Sept. 15, 2023 — Our internal body clock, or circadian rhythm, helps us feel alert during the day and tired at night. But travel, shift work, caring for a newborn, or anything that messes with your sleep schedule can throw that delicate system off-kilter.
In the short term, this can lead to fatigue, insomnia, or an upset stomach. But evidence suggests that over time the effects can be more serious, increasing health risks like cardiovascular disease, diabetes, depression, and cancer.
Experts often recommend light exposure to ease the effects, but research has been finding that meal timing may be just as important. A study published this month in Chaos suggests that eating a large meal in the early morning could be key.
“Both our study and experimental evidence suggests that keeping [light and feeding] cues in sync — such as avoiding eating at night — is beneficial,” said lead study author Yitong Huang, PhD, a researcher in the department of molecular biosciences at Northwestern University.
What the Researchers Did
A lot of research on circadian rhythm has focused on the “central” body clock, found in part of the brain called the suprachiasmatic nucleus. The central clock responds to sunlight. But research over the past 20 years has revealed that the circadian system involves not just one body clock but many. Present in almost every cell and tissue, these clocks calibrate to different cues, said Huang. Many organs reset with meals.
The researchers developed a theoretical mathematical model that allowed them to take a new approach – studying how these clocks interact, not just with external cues, but also with each other.
“Our study considers two populations of clocks,” said Huang – one that responds to light (the brain), and another that responds to food (the liver).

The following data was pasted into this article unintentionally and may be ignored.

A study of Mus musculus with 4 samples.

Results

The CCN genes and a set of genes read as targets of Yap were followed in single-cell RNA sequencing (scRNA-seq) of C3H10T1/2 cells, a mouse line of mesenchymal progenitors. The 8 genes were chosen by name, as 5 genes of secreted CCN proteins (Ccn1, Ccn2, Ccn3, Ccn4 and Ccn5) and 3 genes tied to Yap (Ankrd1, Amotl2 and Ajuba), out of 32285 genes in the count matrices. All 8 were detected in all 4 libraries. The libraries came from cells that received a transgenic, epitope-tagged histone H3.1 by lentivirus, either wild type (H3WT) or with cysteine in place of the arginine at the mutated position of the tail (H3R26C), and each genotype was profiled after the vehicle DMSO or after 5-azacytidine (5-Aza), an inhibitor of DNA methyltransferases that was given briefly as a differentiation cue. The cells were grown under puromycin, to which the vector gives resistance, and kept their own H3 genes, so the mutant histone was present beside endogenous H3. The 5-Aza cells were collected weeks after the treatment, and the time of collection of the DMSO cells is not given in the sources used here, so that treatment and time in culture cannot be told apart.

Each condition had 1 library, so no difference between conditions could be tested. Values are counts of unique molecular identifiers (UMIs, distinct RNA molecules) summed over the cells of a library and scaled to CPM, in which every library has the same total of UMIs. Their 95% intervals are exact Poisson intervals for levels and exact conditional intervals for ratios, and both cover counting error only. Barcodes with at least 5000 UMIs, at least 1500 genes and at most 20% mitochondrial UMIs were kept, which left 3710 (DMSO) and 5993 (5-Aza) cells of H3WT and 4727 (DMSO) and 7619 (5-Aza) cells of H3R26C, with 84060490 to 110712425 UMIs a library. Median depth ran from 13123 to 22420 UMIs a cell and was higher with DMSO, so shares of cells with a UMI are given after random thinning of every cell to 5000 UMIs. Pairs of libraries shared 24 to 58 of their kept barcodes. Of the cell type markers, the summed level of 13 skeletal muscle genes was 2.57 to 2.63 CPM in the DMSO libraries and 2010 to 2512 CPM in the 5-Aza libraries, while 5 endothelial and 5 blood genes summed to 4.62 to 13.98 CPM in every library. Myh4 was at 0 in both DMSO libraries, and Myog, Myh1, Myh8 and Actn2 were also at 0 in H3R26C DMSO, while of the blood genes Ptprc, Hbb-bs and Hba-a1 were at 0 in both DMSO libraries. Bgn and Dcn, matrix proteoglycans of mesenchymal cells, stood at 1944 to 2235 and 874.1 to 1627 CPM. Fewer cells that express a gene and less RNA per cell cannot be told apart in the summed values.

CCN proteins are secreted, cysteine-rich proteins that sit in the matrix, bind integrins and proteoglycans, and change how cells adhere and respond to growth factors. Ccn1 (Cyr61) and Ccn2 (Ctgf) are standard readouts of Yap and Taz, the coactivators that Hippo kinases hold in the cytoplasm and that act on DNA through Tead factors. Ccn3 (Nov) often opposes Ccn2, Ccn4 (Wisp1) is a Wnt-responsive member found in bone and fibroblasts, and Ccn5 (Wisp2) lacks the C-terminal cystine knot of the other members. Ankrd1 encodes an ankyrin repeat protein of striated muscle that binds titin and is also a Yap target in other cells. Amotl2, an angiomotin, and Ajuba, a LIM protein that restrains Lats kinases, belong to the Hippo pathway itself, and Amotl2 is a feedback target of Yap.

In the study, the researchers ran simulations of a traveler going from New York to Paris (a 6-hour time difference).
- Failing to adjust mealtimes to the new time zone resulted in a 9-day jetlag recovery.
- Spacing three meals throughout the light hours reduced recovery time to 6 days.
- Doubling the size of breakfast and skipping dinner for the first three days sped recovery even more, to 5 days.
The researchers concluded that a large meal in the early morning helps the body’s clocks align, combating the effects of jet lag.
“Eating at night activates the liver clock at a time when the [brain] clock wants to rest,” the researchers write in the study.
The Case for a Big Breakfast
The findings build on growing evidence that eating more in the morning than in the evening is good for us. In addition to kickstarting our body clock, it may help lower body weight and improve blood sugar, research shows.
“Mice are normally nocturnal creatures, and some studies have found that they will switch to being awake during the day if that’s when food is available,” Dimitriu said. “In mice, food-seeking behavior drives wakefulness, and this recent study suggests the same may be true for humans.”
This also aligns with advice from sleep experts to avoid big meals before bed, said Dimitriu, who’s noticed that his patients sleep best if they limit food after sunset and eat a regular breakfast.
Just how big should breakfast be? More research would be needed to link the study’s model to specific calorie counts for humans, Huang said. But you can think about it in relative terms: Simply front-load your daily calories so you’re getting more earlier in the day and fewer at night.
The researchers plan to run more experiments using their math model. Ultimately, its predictions could lead to new interventions or even an app that recommends optimal mealtimes, Huang said.
“Because food schedules are often easier to adjust,” Huang said, “we believe that this model paves the way for more personalized intervention strategies.”